Midway's MLB SlugFest series brings baseball to the same extreme that you'd expect from the company's long-running, over-the-top sports franchises. The rule set is stripped down, you can clock people in the face while running around the bases, and there are plenty of wild super pitches and chances to set yourself "on fire." While the SlugFest series never got as big as NBA Jam or Blitz did, it's still been a sharp, arcade-style baseball series that has gotten better over the years. Which is why MLB SlugFest 2006 is such a shame. It has lost features that were present in its 2-year-old predecessor, it looks really grungy, and overall, it feels like a soulless cash-in designed to take advantage of Midway's expiring MLB license.
In fact, that's probably exactly what this is. The game's rough look, unimaginative modes, and out-of-date rosters immediately give you the impression that someone at Midway woke up one morning and realized "hey, we have a license that gives us until the end of the year to put out a baseball game," and then set the wheels in motion as cheaply as possible. Previous SlugFest games had online. That's gone here, but you can play two-player games locally. And the graphics and design look like very bare-bones updates to 2004's SlugFest: Loaded, which is to say that they weren't mind-blowing two years ago, and in 2006, they don't look very good at all. Continuing the no-frills trend set by the rest of the game's presentation, the game doesn't have any HD or widescreen support at all.
But there's a catch. Since MLB SlugFest: Loaded was actually a very good game back in 2004, that means that this edition is not without its merits. The gameplay, while roughly identical, is still an effective and accessible game of baseball. Things like swinging and pitching aren't nearly as complicated as they are in a simulation-style baseball game, but the game's set of trick pitches helps keep things interesting. And if the over-the-top rules--which allow for punching on the basepath and plenty of superhuman feats that require the use of your team's turbo meter--are too much for you, you can turn most of that stuff off and get back to the actual rules of the game. The game controls pretty well on both the PlayStation 2 and the Xbox.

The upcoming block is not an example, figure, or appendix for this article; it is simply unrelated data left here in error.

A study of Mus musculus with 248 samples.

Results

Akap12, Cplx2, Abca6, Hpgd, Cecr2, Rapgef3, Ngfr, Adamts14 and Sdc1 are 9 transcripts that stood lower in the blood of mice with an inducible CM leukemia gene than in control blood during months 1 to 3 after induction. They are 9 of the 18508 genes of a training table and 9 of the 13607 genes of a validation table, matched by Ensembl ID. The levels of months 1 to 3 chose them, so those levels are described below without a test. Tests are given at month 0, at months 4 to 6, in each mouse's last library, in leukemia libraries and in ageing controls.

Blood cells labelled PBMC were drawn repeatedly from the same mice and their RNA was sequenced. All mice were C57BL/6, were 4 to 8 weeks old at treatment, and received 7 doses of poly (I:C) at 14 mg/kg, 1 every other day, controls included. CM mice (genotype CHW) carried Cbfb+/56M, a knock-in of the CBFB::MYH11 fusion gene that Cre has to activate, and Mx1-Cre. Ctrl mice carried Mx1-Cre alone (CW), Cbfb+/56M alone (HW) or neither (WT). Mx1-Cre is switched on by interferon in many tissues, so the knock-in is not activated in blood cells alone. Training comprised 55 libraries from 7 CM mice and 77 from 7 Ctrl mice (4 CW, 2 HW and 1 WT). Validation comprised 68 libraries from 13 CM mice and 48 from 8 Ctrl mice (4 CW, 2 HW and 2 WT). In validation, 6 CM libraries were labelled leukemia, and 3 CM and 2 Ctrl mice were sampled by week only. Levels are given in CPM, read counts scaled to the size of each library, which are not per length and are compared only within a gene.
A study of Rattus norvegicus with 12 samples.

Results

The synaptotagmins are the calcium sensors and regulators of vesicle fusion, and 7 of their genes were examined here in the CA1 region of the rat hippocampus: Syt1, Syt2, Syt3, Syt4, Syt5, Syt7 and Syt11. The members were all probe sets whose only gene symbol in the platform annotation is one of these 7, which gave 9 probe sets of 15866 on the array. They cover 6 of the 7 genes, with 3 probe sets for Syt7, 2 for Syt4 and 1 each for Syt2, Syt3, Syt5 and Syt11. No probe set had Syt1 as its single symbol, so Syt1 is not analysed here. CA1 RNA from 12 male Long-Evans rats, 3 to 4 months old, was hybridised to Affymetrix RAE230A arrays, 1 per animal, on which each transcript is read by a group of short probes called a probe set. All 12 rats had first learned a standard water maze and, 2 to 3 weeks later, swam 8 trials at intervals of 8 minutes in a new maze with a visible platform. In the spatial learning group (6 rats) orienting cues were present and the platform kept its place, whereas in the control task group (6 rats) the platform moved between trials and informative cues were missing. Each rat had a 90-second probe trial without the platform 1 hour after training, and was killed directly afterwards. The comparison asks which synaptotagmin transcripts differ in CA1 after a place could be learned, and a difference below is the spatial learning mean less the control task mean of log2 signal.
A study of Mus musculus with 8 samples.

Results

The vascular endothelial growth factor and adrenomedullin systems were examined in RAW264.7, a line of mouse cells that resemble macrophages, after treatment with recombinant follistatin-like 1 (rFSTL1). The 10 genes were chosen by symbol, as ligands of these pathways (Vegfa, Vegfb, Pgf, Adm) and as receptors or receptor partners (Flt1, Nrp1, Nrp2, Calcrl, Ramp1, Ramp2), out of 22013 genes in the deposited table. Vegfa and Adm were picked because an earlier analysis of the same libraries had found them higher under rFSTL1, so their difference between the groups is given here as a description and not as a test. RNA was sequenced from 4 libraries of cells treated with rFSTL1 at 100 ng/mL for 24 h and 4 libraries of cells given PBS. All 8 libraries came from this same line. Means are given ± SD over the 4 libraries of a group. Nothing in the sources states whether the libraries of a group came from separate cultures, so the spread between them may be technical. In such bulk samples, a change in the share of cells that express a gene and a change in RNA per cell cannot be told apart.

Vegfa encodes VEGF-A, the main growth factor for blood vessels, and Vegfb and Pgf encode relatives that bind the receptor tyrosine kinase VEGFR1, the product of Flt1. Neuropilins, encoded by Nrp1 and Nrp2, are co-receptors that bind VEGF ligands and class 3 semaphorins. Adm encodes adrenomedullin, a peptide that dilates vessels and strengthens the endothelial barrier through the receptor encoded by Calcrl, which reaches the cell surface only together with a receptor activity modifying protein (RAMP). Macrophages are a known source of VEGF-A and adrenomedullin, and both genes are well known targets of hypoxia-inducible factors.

Your options are pretty limited. You can get into a season, play exhibition games, enter a home run derby, or even get into some team editing. One of the new features in this year's game is a player editor that lets you create your own guys using a small set of premade parts. It's a nice feature to have, but it doesn't make a large difference at all.
The sound has been a highlight of past SlugFest games, as the two-man announce team of Tim Kitzrow (who is the same man that brought you such hits as "Boomshakalaka" and "He's on fire" back in the NBA Jam days) and Jimmy Shorts has offered up some solid comedy. That formula is back in SlugFest 2006, but the commentary doesn't feel as snappy as it used to. The phrases are noticeably stitched together and the comedic timing seems off. Still, there's some decent commentary here.
In the end, SlugFest's budget price certainly helps it, but it doesn't save it. Too many facets of the game feel completely phoned-in to make this a worthwhile purchase, even at $20. It's really too bad that this quality baseball series couldn't go out in a classier fashion.